A religious service has taken place in Belfast to mark the 100th anniversary of the launch of the ill-fated Titanic.
The ship entered Belfast Lough on 31 May 1911 from Harland & Wolff, then the largest shipyard in the world.
During the service, a flare was set off at 1213 BST, the exact time of the launch a century on.
The event, described as a celebration, took place on the very slipway from which Titanic left the shipyard.
It was led by Reverend Chris Bennett, chaplain of Belfast's Titanic Quarter development on the site of the former Harland & Wolff docklands.
The congregation heard music from two choirs who were involved in the life of the shipyards, as well as observing a moment of silence in remembrance of the 1,517 people who lost their lives on the ship's disastrous maiden voyage.
The passenger liner sank after hitting an iceberg en route from Southampton to New York in April 1912.
Speaking before the service, Mr Bennett said he was keen to ensure that celebration was the dominant mood at the event.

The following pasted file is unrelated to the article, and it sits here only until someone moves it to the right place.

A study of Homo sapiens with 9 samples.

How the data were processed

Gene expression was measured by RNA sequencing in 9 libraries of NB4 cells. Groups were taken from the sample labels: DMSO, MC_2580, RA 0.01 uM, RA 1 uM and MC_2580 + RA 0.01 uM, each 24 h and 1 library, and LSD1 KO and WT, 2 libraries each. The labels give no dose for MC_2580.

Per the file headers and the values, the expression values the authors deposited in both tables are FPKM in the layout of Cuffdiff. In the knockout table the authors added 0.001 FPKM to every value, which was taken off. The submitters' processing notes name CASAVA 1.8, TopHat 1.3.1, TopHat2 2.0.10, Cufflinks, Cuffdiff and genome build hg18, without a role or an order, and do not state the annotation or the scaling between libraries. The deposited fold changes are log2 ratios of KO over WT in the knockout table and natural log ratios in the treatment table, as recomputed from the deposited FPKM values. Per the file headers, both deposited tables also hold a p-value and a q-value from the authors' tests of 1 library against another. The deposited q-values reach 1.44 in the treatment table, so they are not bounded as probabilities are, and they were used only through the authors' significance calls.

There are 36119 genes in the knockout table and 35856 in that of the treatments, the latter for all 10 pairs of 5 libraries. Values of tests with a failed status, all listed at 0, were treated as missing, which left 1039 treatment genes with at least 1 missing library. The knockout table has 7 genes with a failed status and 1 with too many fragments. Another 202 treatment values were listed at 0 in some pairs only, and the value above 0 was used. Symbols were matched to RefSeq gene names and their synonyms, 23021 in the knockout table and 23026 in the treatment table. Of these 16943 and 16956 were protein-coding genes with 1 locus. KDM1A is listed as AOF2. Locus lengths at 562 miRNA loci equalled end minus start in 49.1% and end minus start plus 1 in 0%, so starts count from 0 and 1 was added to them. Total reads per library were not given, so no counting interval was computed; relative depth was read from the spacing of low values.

Once the flare was released at 1213 BST, he led 62 seconds of cheers, to mark the 62 seconds it took for Titanic to slide from its dry dock and into the Irish sea.
Mr Bennett said: "For the last 100 years Titanic has often not been mentioned. It's been our shame, our secret.
"We've almost had a hundred-year moment of silence, so really we're trying to rediscover the pride today."
Titanic took three years to build and was the largest moving man-made object on earth at the time.
More recently £7bn has been invested in Belfast's Titanic Quarter and an interactive visitor centre is due to open in 2012.
An exhibition about the Titanic will also open on Tuesday at the Ulster Folk & Transport Museum.
The exhibition will feature more than 500 original artefacts, and will include an outdoor interactive re-creation of a Titanic-era street.
Niall Gibbons, chief executive of Tourism Ireland, said: "No ship has gripped the world's imagination like RMS Titanic.
"Her remarkable story begins at her birthplace in Belfast, and we highly recommend visitors to Belfast to discover the story of her creation through this exhibition."